I’m waiting at my daughter’s orchestra practice and one of the groups is playing the national anthem. Without fail, it brings tears to my eyes. Oh, say can you see, by the dawn’s early light…It’s an odd patriotic twitch, much like praying to a god I don’t believe in when I’m scared. It’s reflexive indoctrination which serves religion and country well, keeping the machinery of industry and institution well-oiled.
My practice of critical thinking, looking at as many perspectives as possible and making sure that I am cognizant of my own irrational emotional reflexes, has brought me to a detente of sorts. I’ve never felt more uncertain of my future, of my child’s future and of this country’s future. My thinking has become more apocalyptic in nature. I feel the gears of my life subtly shifting toward preparedness.
How does one prepare for the unplanned or unexpected? And is it healthy to always be in a heightened state of concern about what might happen tomorrow? I’ve always been a planner. That is why the shift is subtle, a slight extension of the organizer inside.
In the last few weeks, I’ve been working harder than I have in a long time. I started a new running training program. I’m focusing on finishing my novel rewrites and looking at what I’m actually doing with my writing. It no longer feels like a creative impulse, but a desire to strengthen skills and rhetoric for income and for civic engagement.
Garden planning is on the horizon. I’m working on learning how to grow more year round and with a few different methods – grow lights, cold frames, and hydroponics. I’m strengthening my language skills, readying to speak French in Canada and Spanish in Mexico. And my Russian is cold war ready. I’ve made sure our passports are current.
I’ve tested our water for lead and our air for radon. Long term health seems more critical than ever. I’ve started to cut some of our household expenses, putting more money in savings and college plans, redirecting more money toward the environment, children’s causes and education. I added more volunteering hours, joined a civic organization and have started to attend more community events.
I do not have enough of an imagination to see linchpin moments around every corner, nor do I have patience for any more partisan hyperbole. The click bait from both the left and the right is tiresome and demoralizing. Somewhere in the middle, I’m trying to figure out what it is I need to do to be more prepared, stronger and more technically agile for the future, over much of which I have little control.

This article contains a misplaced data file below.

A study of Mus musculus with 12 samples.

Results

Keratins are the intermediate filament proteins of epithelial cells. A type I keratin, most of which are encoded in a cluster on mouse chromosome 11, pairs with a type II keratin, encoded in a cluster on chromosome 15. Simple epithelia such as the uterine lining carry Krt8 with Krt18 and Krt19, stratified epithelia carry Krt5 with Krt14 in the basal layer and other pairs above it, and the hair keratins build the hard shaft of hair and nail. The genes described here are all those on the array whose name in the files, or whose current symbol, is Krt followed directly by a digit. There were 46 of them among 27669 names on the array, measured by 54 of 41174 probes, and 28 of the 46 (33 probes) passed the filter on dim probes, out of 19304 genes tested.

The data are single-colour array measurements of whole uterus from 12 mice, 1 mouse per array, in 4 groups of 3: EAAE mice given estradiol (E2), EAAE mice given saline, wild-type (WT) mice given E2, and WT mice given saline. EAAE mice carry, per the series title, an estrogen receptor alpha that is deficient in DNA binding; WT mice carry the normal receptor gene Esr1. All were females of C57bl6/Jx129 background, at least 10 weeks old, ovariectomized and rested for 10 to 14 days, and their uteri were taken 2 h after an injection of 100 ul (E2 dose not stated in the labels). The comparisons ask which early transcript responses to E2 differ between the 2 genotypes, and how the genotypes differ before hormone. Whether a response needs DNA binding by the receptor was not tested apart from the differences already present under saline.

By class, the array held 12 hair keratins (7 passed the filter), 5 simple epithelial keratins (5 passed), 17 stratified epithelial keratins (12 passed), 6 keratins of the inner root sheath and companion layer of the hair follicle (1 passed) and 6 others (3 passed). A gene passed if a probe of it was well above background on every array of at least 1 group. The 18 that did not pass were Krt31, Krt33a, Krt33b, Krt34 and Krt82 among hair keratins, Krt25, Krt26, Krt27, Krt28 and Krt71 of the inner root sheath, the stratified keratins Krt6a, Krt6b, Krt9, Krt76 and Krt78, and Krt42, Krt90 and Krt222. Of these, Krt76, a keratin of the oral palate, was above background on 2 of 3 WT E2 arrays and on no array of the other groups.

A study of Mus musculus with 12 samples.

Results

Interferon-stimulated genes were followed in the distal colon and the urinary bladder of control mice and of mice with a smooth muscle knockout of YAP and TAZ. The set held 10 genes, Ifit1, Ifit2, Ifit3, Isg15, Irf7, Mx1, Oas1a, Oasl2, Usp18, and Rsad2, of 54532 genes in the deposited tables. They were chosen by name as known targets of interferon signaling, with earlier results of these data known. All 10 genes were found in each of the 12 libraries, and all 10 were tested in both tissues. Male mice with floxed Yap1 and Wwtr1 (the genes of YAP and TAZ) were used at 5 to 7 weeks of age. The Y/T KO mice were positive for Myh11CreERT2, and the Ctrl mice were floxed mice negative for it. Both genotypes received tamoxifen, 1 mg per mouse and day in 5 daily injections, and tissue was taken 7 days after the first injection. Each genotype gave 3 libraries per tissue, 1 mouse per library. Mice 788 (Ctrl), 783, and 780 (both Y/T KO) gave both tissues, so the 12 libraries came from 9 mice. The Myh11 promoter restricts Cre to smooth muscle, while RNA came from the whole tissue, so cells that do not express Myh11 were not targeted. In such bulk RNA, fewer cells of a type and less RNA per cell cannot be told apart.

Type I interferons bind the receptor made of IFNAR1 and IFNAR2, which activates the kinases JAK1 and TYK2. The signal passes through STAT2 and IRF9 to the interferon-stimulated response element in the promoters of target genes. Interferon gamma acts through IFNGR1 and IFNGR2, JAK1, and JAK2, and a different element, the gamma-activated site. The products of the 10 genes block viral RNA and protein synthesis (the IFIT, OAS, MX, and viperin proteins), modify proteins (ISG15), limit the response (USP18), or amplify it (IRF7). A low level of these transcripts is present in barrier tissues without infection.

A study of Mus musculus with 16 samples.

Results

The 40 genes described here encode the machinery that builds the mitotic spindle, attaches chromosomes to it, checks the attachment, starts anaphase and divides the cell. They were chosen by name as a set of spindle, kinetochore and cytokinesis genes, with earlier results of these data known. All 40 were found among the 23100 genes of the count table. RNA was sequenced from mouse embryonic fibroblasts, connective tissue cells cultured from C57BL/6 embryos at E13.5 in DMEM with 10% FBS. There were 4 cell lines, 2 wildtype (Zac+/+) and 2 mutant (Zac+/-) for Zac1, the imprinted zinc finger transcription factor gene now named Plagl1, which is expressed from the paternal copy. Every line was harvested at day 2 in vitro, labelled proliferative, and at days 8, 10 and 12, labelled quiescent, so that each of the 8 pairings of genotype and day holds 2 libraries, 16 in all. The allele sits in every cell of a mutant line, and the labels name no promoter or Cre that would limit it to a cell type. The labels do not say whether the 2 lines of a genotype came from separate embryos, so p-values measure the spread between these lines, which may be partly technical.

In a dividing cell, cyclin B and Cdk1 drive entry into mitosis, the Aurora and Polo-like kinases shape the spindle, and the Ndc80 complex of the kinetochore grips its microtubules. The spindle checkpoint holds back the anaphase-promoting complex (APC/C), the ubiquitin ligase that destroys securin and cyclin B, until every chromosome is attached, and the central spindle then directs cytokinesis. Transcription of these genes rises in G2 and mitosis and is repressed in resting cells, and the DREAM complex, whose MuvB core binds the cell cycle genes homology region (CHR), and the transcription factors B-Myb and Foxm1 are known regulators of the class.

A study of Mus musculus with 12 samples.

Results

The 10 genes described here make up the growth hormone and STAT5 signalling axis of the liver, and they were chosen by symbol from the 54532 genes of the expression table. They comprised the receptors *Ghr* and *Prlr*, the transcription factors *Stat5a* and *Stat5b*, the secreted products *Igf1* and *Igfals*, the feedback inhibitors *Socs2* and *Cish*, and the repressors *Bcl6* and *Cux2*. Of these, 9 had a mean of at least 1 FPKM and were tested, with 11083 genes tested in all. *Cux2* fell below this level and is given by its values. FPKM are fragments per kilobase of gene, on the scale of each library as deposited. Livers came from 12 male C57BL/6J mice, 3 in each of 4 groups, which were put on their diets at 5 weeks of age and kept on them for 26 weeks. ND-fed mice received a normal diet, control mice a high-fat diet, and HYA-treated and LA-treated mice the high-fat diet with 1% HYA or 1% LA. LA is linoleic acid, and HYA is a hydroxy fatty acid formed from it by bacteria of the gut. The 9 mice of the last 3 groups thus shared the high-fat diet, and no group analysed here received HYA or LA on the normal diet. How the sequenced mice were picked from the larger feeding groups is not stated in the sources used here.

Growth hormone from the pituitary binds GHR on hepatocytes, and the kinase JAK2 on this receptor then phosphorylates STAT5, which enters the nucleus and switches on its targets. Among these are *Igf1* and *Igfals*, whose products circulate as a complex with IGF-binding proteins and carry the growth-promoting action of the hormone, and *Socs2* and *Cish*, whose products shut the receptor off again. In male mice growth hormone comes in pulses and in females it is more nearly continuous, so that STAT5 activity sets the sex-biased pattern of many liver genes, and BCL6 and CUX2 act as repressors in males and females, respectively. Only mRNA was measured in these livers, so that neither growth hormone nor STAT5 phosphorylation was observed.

Perhaps the shock of the last year – the vitriol, the conspiracy theories, all the Twittering and freaking out by wingnuts did what chaos has always done to me – forced me to find order and structure and calm within. I did not know so many people were so angry. And it has made me sanguine. I did not know so many people blamed others for the problems in their own lives. And it has made me seek more personal responsibility. My response is Newtonian in nature – an equal and opposite reaction.
My life is small and only a measured success, depending on one’s metrics, but as I approach 50, I have come to appreciate the moment I’m in – this fragile time in human history. The big picture does not look good, but I am here. Even though what I do will likely have very little impact, I have decided to do what I can where I stand, with the resources that are at my disposal.
Common sense deems that we are a rapacious lot – locusts that consume everything in our path. And everything is not an endless supply. At a time when we need science and academic pursuit to find innovative solutions for energy, antibiotic-resistant disease, and natural disasters, education and intellectualism are being denigrated. When population controls are needed, access to reproductive and family planning resources are being circumscribed and supplanted with religious ideology.
I don’t believe in an afterlife. The reason I don’t believe is very simple – it’s too easy. Too easy to ignore life on the ground. Too easy to do a trust exercise, falling back into the arms of an imaginary being and not stand on my own two feet. I don’t trust easy answers. Life is complex and challenging. If somebody is giving you an easy answer, they’re lying. If they’re giving you an easy answer when evidence suggests otherwise, they’re lying with an agenda.
These days I’m a bit of a humorless git, but hard work makes me happy. It also takes me away from the world of what ifs to a world of what is. I don’t know what the years ahead will bring. I cannot separate out the truth from all the untruths, nor accurately predict whether we’ll thrive or have our lives reduced to shadows of their former selves. I do know that I’m not waiting to find out, nor expecting other people to do the work for me.
Perhaps it’s all a mirage, an indulgence of the quiet anger that I feel constantly beneath the surface. That we exist at the whims of people more powerful, more armed, more moneyed. That our existence may become paltry or cease entirely because lucre has become the law of the land and war the god we serve. It angers me and so I study, train, conserve, and strengthen. It may all come to naught in the end, but it beats the hell out of waiting.